Las Vegas Police Seek Motive In Deadliest Mass Shooting In Modern U.S. History


The Sunday night shooting spree from a 32nd-floor window of the Mandalay Bay hotel, on the Las Vegas Strip, killed at least 59 people before the gunman turned a weapon on himself. More than 500 people were injured, some trampled, in the deadliest mass shooting in modern U.S. history.

The gunman, identified as Stephen Paddock, 64, left no immediate hint of his motive for the arsenal of high-powered weaponry he amassed, including 42 guns, or the carnage he inflicted on a crowd of 22,000 attending an outdoor country music festival.

Paddock was not known to have served in the military, to have suffered from a history of mental illness or to have registered any inkling of social disaffection, political discontent or radical views on social media.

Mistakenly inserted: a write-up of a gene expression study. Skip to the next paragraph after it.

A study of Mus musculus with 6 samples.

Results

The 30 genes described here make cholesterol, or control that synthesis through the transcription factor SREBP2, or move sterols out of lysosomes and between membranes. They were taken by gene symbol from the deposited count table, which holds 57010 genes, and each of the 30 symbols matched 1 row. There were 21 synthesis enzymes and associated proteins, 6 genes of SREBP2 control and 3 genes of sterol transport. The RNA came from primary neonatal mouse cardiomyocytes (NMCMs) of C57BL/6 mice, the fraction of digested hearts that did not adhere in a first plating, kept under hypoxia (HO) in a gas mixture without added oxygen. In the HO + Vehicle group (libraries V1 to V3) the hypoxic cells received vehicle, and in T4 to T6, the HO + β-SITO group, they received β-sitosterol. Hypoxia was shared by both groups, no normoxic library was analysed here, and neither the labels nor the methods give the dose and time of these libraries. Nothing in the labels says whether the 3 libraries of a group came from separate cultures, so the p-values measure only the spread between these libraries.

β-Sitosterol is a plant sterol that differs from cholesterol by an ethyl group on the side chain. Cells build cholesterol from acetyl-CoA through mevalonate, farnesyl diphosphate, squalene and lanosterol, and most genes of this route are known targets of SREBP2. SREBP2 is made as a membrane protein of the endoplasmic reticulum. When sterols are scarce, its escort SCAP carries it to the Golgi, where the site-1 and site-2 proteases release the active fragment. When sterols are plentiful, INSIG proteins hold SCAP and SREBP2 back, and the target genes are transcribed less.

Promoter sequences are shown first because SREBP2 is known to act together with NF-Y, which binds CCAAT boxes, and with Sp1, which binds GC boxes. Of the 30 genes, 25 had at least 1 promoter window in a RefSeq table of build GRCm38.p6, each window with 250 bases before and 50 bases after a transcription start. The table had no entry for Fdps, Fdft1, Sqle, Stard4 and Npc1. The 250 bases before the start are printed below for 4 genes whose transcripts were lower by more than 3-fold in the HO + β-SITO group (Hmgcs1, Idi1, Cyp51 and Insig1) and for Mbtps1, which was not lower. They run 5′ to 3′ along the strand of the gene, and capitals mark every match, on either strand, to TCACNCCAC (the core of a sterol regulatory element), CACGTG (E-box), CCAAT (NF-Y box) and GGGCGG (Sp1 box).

“He was a sick man, a demented man,” U.S. President Donald Trump told reporters. “Lot of problems, I guess, and we’re looking into him very, very seriously, but we’re dealing with a very, very sick individual”

He declined to answer a question about whether he considered the attack an act of domestic terrorism.

U.S. officials also discounted a claim of responsibility by the Islamic State militant group.

Police said they believed Paddock acted alone.

“We have no idea what his belief system was,” Clark County Sheriff Joseph Lombardo told reporters on Monday. “I can’t get into the mind of a psychopath.”

Although police said they had no other suspects, Lombardo said investigators wanted to talk with Paddock’s girlfriend and live-in companion, Marilou Danley, who he said was traveling abroad, possibly in Tokyo.